Joseph Parker recovered from being knocked down in the opening 10 seconds to beat Derek Chisora on a split decision and keep alive hopes of a shot at the world heavyweight title.
The Briton floored New Zealander Parker at Manchester Arena with an overhand right to the temple.
But the former world champion turned the tide and landed combinations as the bout wore on, while Chisora tired.
It proved enough to earn a split decision 115-113 111-116 115-113.
Chisora, 37, felt aggrieved by the scoring and said: “I’m beyond getting upset now. It’s difficult. I train hard. I put pressure on, this is the treatment I get from boxing.
“I was bringing it. I was doing more power punches and inside work. I won’t let them slow me down. I will go again. I will not let them win. They want to see me retiring but I am not yet.”
Chisora had said he might withdraw from the fight because he had to walk to the ring before his opponent, a threat in keeping with the unpredictability he has served up in over 14 years as a professional.
Some have questioned why he still headlines pay-per-view cards after 10 previous career defeats but the looping right hand that sent Parker to the canvas served as an instant reminder of his threat.
As always, he looked to bulldoze his opponent with constant pressure but Parker – eight years his junior at 29 – was able to build momentum as Chisora slowly faded.
To Parker’s credit, facing such pressure is mentally taxing but he stood up to both the knockdown and an early onslaught before beginning to land good combinations of his own.
In the seventh a one-two followed by a three-shot flurry sent Chisora back to the ropes and pointed to his vulnerability.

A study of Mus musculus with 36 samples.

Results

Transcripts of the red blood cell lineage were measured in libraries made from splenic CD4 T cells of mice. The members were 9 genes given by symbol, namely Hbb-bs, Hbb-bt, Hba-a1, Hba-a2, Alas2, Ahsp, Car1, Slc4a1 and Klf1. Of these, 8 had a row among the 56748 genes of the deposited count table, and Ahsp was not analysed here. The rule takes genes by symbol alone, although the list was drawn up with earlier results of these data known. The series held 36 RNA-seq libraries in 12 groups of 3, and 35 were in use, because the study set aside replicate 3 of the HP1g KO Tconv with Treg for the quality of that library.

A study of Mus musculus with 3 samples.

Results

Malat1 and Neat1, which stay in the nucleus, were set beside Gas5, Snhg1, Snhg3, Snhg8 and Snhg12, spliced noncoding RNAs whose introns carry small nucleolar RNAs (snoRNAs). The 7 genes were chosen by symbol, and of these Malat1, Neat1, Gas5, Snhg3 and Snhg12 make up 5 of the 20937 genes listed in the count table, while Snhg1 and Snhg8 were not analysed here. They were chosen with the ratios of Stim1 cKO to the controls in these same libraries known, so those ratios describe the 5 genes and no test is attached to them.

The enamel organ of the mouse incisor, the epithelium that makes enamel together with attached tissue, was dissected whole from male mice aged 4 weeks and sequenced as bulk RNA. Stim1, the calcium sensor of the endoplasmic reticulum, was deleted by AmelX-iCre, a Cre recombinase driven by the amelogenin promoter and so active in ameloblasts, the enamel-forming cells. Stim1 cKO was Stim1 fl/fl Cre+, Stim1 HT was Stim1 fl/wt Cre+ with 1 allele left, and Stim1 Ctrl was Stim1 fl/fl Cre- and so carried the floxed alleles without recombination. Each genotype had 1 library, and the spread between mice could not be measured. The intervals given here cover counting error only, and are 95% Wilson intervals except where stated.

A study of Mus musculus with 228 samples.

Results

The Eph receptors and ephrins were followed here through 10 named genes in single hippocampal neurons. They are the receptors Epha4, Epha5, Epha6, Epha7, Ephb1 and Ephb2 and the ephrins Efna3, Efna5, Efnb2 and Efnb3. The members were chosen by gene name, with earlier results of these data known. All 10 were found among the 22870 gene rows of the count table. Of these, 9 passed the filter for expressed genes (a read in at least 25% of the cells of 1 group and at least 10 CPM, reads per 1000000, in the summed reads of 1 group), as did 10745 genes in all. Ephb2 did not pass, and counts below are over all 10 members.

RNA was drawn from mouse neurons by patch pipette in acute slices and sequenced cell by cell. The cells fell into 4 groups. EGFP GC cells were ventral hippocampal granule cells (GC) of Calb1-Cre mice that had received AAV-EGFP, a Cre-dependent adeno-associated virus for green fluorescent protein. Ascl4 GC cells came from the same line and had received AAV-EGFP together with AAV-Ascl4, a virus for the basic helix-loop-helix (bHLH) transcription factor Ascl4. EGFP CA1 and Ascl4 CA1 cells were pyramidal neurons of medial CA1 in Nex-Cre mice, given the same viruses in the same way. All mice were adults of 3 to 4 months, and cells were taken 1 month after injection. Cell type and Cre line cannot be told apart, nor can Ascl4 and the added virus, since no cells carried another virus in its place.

In the 10th Parker followed another one-two with an eye-catching short left hook and he teed off on Chisora again in the 12th as he closed in on a 29th win from 31 outings. Only British heavyweights Anthony Joshua and Dillian Whyte have bettered him.
Asked if winning a world title for second time is a possibility, Parker said: “It’s very achievable. I just have to get back to training. There’s still a lot I can show.
“It was very close fight. I thought it could go either way. He brought the smoke.”
The former champion can look to bigger names but the stars at the top of the division possess natural size advantages that will make his task all the more tricky.
Chisora, in contrast, must search for a next move. He has shown time and again he can come up with something to go after.
“Parker did well to recover so quickly from the early knockdown and for me his cleaner punching at long and mid-range was decisive. His durability and resilience were also factors and, given more time with his new trainer Andy Lee, there should be better to come.
“Chisora’s reputation won’t suffer in losing such a fight and the Parker camp have said there should be a rematch – not a difficult sell.”
BBC Radio 5 Live boxing analyst Steve Bunce: “Should this be Derek’s last fight? Can you get enough money for risking your reputation? If there is something out there where he can make the same money or close to what he made tonight, then yes.
“What I don’t want to see is him reduced to third on the bill and be there as a test for somebody.
“If there’s another heavyweight out there he can generate that type of money with, let him fight.
“I don’t want to see Derek become an ‘opponent’ – he’s better than that.”